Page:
THE PLANK SEPTEMBER 18, 2008
And now, for something new, John McCain is attacking Barack Obama over his big-spending ways:
The text of this new advertisement, for those who don't want to sit through the cilp, goes like this:
When our economy's in crisis, a big government casts a big shadow on us all.
Obama and his liberal Congressional allies want a massive government, billions in spending increases, wasteful pork.
And, we would pay--painful income taxes, skyrocketing taxes on life savings, electricity and home heating oil.
Can your family afford that?
I have no idea whether this is an actual television advertisement or one of those spots, distributed over the internet, designed to generate media coverage. I also have no idea whether this ad resonates politically.
But the arguments themselves are worth scrutinizing because they are consistent with McCain's broader rhetoric. He and his supporters are constantly attacking Obama as an irresponsible tax-and-spender. Today in Iowa, as a matter of fact, McCain is lashing out at the "big spending, greedy, do nothing, me first, country second crowd in Washington."
If you follow politics closely enough to read this publication, then you're already familiar with the dishonesty of McCain's claim on taxes. The vast majority of taxpayers would get a larger break under Obama's reforms than they would under McCain's. Only the very wealthiest Americans would see more tax relief from McCain. (For more on this, see here and here.)
So let's look instead at the other charge--the one that almost nobody challenges, not even Obama himself, because the subject remains so politically troublesome for Democrats. It's this idea that Obama wants to go on a spending binge--and that this binge will leave Americans worse off.
Is that really so?
Look closely at what Obama has proposed this election cycle. According to various press accounts, Obama's top four spending initiatives are, in order, his plans to achieve universal health coverage or something close to it; to invest in alternative energy development; to increase foreign aid; and to boost spending on education, particularly early childhood education. (Wonky side note: Not all of this "spending" is actually spending per se; sometimes it comes in the form of tax breaks.)
Health care is by far the most expensive of these proposals. Obama's aides calculate it would cost $65 billion a year. (Count me among those who think the final plan will cost even more.) The rest are in the range of $10 to $25 billion a year. McCain and, more generally, conservatives would have you believe that money is simply wasted. By that, presumably, they mean it's being spent in ways that don't benefit you--or in ways that are inefficient.
That's simply not the case.
Anybody who has no health insurance, has too little health insurance, or has health insurance that might not be around tomorrow will benefit from Obama's health care plan, which--if enacted--would guarantee coverage, with generous benefits and at affordable prices, to every single American regardless of income and pre-existing medical conditions. What's more, creating a universal health system--or even moving towards one, if that's all Obama's plan ends up doing--would be good for the economy. It would help put in place mechanisms, like institutions that scrutinize new treatments for effectiveness, that would help tame runaway medical spending. It would let people move more freely from job to job, which should--at least in theory--allow them to maximize their productive potential. And it would provide businesses with a great deal more predictability about their employee health costs, something most corporate executives would appreciate.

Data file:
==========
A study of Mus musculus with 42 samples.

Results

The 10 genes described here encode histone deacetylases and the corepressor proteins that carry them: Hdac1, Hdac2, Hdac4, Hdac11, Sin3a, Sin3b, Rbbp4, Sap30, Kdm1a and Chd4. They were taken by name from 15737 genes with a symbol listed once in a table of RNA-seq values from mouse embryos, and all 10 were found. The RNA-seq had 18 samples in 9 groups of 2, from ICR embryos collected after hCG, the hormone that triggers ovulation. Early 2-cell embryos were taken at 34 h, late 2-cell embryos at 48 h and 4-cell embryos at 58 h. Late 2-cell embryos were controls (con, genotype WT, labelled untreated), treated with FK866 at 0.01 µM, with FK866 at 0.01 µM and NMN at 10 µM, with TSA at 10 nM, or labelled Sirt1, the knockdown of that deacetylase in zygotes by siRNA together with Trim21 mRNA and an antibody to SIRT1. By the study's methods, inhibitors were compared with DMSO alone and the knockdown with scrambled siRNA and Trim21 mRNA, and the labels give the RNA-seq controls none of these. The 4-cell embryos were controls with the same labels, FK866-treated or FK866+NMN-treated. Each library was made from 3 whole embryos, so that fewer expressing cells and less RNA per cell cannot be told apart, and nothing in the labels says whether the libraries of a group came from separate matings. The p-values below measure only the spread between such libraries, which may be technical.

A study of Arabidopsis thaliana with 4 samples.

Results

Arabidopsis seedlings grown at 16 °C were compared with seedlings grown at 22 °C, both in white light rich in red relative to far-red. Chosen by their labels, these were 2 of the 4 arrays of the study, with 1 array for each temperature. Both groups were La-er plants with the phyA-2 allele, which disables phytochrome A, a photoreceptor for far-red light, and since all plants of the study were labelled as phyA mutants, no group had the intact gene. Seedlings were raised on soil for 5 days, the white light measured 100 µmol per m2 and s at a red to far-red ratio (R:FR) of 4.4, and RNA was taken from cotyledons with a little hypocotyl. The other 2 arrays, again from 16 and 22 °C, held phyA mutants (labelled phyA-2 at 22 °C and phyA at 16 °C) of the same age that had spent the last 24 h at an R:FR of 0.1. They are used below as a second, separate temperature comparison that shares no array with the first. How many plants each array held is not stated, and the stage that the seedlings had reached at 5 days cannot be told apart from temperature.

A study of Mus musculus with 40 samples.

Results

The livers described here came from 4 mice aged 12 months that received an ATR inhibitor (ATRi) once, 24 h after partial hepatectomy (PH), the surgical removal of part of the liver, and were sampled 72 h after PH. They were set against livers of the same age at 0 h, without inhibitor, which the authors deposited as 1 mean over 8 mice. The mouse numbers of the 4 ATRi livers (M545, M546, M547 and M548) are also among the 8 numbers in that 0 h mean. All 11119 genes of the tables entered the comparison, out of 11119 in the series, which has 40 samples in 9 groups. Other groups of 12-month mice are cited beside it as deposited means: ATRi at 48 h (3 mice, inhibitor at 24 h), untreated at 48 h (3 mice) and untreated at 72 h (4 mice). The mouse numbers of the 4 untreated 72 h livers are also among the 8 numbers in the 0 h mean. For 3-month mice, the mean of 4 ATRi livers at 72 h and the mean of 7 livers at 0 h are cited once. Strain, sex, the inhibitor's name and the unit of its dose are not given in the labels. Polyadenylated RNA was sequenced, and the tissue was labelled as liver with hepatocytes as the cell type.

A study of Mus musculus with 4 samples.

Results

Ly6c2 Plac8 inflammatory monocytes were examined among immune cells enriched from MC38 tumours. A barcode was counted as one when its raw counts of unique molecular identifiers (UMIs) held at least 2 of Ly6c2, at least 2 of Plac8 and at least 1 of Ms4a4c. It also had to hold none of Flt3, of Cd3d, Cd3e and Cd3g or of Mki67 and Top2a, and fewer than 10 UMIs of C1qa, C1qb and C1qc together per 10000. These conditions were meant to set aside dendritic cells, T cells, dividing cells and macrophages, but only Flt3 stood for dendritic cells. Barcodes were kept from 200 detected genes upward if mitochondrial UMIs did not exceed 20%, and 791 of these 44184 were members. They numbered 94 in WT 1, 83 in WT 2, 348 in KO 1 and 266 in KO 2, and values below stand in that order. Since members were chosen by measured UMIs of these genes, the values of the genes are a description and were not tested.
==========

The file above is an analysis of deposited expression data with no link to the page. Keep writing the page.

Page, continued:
Obama's investments in alternative energy would have a similar effect. It would create jobs, particularly in areas of the country hard hit by manufacturing layoffs, and--over time--it would reduce the dependence on petroleum. Again, that's something that benefits everybody, not just individually but on a grand, collective scale as the easing of the energy crunch rippled through the economy. As for education, it's hard to think of investment that has greater potential to produce higher economic growth over the long term than making sure all kids know how to read, write, and count. On an individual level, parents confident of high quality public schools in their neighborhood won't have to contemplate shelling out tuition for private school--or moving to more expensive neighborhoods.
(Foreign aid, I suppose, is the exception here. Justifying it purely on economic grounds is tough. But there are plenty of valid reasons to increase foreign aid--not least among them, the potential to ease suffering and buy some goodwill in areas that might otherwise be fertile ground for tomorrow's terrorists.)
Conservatives like McCain naturally believe that the free market, left to its own devices, would handle these tasks better. And they're entitled to their opinions. But the fact that people want--and need--these sorts of initiaitves ought to make everybody else skeptical of such arguments. If the free market could provide everybody with affordable health care, why would we have 45 million Americans uninsured--and another 25 million (at least) underinsured? If the free market could wean us off peteroleum dependence, why are we all now sweating out $4-a-gallon gas prices? If it could educate every youngster, why are so many kids growing up illiterate?
There's a reason McCain uses the word "spending." It's easier to oppose than universal health care, investment in green technology, and good schools. Here's hoping the voters grasp that they mean the same thing.